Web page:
Thomas Sidney Cooper
26.09.1803 (Canterbury (Kent), England) - 07.02.1902 (Harbledown (Kent), England)
Thomas Sidney Cooper started painting as a coach painter and scenic artist in Canterbury, England, where he was born on September 26, 1803. Cooper began his education at the Royal Academy in 1824 and afterwards moved to Brussels, where he worked from 1827 until 1830, where he took up animal painting and spent time in the studio of Eugène Verboekhoven. After moving back to London in 1831 following the political upheaval in Belgium that led to its independence from The Netherlands, Cooper became a very successful animal painter.
Back in England he was elected an Associate member of the Royal Academy in 1845 and was made a full member in 1867. Cooper made such a name for himself that he was commissioned by Queen Victoria to paint the Royal herd of pedigree Jersey cows. No less than 266 of his paintings were exhibited at the Royal Academy, to this day a record for an exhibitor. Cooper was a prolific painter and a hard worker; although making a living was difficult at the beginning of his career, he passed away a financially prosperous man in Canterbury on February 7, 1902.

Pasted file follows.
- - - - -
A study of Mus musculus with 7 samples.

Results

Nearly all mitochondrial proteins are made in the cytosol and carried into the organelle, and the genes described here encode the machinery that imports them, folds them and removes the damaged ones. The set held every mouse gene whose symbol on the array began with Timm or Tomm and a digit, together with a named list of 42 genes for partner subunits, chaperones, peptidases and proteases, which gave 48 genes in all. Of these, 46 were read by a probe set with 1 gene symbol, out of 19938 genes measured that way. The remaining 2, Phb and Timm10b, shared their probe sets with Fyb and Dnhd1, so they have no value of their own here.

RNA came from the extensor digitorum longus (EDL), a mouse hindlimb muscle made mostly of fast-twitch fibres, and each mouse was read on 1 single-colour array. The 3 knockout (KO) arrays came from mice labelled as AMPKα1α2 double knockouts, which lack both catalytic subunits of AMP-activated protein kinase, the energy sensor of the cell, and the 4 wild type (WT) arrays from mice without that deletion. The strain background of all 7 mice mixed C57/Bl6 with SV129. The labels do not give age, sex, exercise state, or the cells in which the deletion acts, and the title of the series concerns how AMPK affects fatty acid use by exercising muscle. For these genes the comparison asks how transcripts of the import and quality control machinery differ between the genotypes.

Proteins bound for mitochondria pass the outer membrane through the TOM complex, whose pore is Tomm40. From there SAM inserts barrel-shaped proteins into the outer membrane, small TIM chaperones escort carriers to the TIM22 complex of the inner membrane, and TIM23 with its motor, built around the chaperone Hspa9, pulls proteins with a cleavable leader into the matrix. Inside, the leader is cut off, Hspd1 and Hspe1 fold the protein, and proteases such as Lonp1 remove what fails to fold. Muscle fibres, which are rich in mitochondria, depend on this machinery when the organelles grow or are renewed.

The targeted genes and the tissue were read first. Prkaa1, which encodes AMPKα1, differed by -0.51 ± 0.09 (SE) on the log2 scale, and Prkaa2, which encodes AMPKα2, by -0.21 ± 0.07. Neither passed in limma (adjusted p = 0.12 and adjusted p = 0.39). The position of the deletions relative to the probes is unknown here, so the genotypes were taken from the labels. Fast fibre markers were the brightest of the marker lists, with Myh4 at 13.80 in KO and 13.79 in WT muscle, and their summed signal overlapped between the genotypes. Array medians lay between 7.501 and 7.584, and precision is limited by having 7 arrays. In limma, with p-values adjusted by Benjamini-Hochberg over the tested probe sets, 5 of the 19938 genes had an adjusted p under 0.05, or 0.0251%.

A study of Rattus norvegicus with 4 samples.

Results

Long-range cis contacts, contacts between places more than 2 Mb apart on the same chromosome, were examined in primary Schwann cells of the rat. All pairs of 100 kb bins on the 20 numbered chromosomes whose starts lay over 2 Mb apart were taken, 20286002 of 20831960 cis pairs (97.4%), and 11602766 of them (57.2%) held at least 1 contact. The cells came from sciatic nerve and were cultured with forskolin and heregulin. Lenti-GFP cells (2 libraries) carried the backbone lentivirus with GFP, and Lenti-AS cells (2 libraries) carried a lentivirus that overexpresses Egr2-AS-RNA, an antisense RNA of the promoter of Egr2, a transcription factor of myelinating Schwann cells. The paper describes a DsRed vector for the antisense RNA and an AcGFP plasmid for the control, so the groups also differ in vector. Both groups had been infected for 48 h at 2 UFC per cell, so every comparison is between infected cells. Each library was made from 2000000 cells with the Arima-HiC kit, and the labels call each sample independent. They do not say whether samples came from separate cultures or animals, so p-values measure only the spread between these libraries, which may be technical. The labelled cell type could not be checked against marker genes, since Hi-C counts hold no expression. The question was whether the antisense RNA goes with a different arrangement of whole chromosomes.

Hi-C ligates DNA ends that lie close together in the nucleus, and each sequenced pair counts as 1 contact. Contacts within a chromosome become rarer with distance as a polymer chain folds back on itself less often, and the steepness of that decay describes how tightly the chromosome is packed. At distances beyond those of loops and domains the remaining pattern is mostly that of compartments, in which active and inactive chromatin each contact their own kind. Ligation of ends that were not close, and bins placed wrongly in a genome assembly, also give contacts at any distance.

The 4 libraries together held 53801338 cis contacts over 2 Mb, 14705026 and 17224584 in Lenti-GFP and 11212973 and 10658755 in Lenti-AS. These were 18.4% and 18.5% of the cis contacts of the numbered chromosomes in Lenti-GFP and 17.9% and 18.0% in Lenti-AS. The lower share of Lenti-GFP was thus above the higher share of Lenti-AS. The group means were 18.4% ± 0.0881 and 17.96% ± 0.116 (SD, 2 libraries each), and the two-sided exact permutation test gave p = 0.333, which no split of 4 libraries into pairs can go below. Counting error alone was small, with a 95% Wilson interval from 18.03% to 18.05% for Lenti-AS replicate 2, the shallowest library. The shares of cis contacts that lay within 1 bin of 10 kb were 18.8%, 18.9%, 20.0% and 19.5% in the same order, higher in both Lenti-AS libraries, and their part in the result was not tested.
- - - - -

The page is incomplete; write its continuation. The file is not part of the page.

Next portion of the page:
P. Lut, 'Kunstenaarsverenigingen en de beeldvorming van kunstenaar en landschap in de Belgische landschapslithografie', De Negentiende Eeuw 14 (1990), p. 76-94; p. 85.
The work of Thomas Sidney Cooper is represented in diverse museums, including the Fitzwilliam Museum at the University of Cambridge, the Royal Academy of Arts, Tate Gallery and Wallace Collection in London, Art Gallery of New South Wales, Sydney, and the Indianapolis Museum of Art, Indiana.